This year’s unprecedented private equity buying spree in Britain is causing unease among politicians, trade unions and investors, about potential job losses and rising debt.
But generous price premia are also raising asset managers’ expectations of higher share prices for the London stock market after years of underperformance.
An $9.5 billion bid underway by Fortress Investment Group for British grocery chain Morrisons (MRW.L) is just one such private equity acquisition, which, according to Lazard Asset Management, have accounted for 85% of British take-private deals this year.
Here are five charts showing private equity’s hunt for UK-listed corporates.
Buyout groups spent $45 billion snapping up companies in Britain in the first half of 2021, Refinitiv data shows, more than double the next best first six months on record and almost 10% of the total $547 billion they spent across the world.
Peel Hunt data in July showed 38 London-listed companies had either been acquired by private equity this year or were in the process of being acquired. Apart from Morrisons, these include Dubilier & Rice and KKR’s acquisition of infrastructure firm John Laing Group (JLG.L).
The deals keep coming with Advent-owned defence firm Cobham agreeing on Monday a $3.6 billion takeover of Ultra Electronics (ULE.L), while CVC and London-listed Stock Spirits (STCK.L) announced a roughly $1 billion deal late last week.
Grace Peters, EMEA head of investment strategy at JPMorgan Private Bank called private equity interest in UK companies “comforting”, saying that when you invest in equities “you want to know there is an incremental buyer”.
2/FOR SALE, CHEAP COMPANIES
The attraction for cash-rich private equity is obvious.
While U.S. (.SPX) and European (.STOXX) stock indexes have gained 65% and 25% respectively since August 2018, the FTSE 100 index is down 8% and trading at just 12.6 times forward earnings. That compares to 21 times and 16.3 times respectively for the U.S. and European benchmarks.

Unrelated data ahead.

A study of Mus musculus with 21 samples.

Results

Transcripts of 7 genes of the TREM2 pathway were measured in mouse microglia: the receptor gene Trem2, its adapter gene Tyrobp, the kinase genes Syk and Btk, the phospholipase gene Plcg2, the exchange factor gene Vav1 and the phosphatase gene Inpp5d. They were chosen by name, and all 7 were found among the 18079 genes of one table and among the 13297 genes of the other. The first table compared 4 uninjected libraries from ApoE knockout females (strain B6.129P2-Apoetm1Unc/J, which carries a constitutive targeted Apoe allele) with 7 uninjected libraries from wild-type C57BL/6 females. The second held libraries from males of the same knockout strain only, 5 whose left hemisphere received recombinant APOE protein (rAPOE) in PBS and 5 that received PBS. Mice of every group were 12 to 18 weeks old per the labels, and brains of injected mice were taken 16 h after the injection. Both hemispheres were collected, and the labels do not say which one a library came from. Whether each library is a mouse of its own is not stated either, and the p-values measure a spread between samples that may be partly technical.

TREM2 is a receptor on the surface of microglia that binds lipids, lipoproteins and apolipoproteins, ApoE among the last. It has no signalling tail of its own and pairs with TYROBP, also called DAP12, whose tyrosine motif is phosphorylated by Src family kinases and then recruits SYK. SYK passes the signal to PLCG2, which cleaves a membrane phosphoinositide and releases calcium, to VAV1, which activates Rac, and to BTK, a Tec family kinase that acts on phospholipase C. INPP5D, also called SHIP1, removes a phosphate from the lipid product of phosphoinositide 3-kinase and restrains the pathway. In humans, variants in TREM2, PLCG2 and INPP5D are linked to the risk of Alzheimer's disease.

British stocks’ discount to global peers is the deepest in over three decades.
Brexit is one reason. The mining, energy and banking shares typical of the FTSE 100 have cheaper valuations than tech as their performance hinges on a clearly positive growth outlook.
But even smaller, domestically focused British stocks (.FTLC), trading at 13.2 times forward earnings, lag the U.S. midcap (.IDX) average of 17.6 times.
Janus Henderson portfolio manager Tom O’Hara says UK valuations are often unjustifiably cheap even when companies are hugely cash-generative.
“UK for sale is very much an ongoing theme and it will remain so until the market becomes a lot better valued,” he said. “If the market refuses to value a company appropriately, private equity will come and take it off your hands on the cheap.”
3/NOT THAT CHEAP?
Shareholders in Morrisons will reap a 40%-plus premium should its buyout proceed at 270 pence per share – in line with the average premium offered this year by private equity firms, Peel Hunt analysis shows.
4/PUBLIC TO PRIVATE
The laws of supply and demand dictate that take-private deals will support share prices by removing equity from the market, even if the amount withdrawn is dwarfed by the 2.4 trillion-pound FTSE 350 index.
Companies taken private from January to July represented 11 billion pounds in market cap, Peel Hunt estimates. That will rise to more than 26 billion pounds and remove almost 13 billion shares from the public market if all the deals announced in the period complete.
“There’s a lot of money coming back in for fund managers to deploy, and a lot of that will be repositioned in companies currently listed in the UK or provide firepower for fundraising for IPOs,” said Charles Hall, Peel Hunt’s head of research.
There is unease too. Kiran Ganesh, London-based head of multi-asset at UBS Global Wealth Management, cautioned that policymakers need to ensure “the best opportunities don’t go private and public markets are just what’s left over”.
Buyouts are creating what Justin Onuekwusi, portfolio manager at Legal & General Investment Management, calls arbitrage opportunities between public and private markets as investors jostle for shares in potential takeover targets.
“Allocating to the cheaper asset classes will eventually pay off if you’re willing to be patient,” he told the Reuters Global Markets forum.
The Morrisons deal has lifted shares in rivals Sainsbury’s and Tesco, while Berenberg analysts have a Buy rating on listed real estate companies Capital & Counties (CAPCC.L), Helical (HLCL.L) and Grainger (GRI.L) as it considers them attractive to private equity buyers.
Janus Henderson’s O’Hara holds several companies with valuations he reckons make them attractive takeover targets, including Premier Inns operator Whitbread (WTB.L), Sainsbury’s (SBRY.L), chemicals firm Johnson Mathey (JMAT.L) and DIY firm Kingfisher (KGF.L).
“It’s a simple case of financial arbitrage being left open by the market,” he said.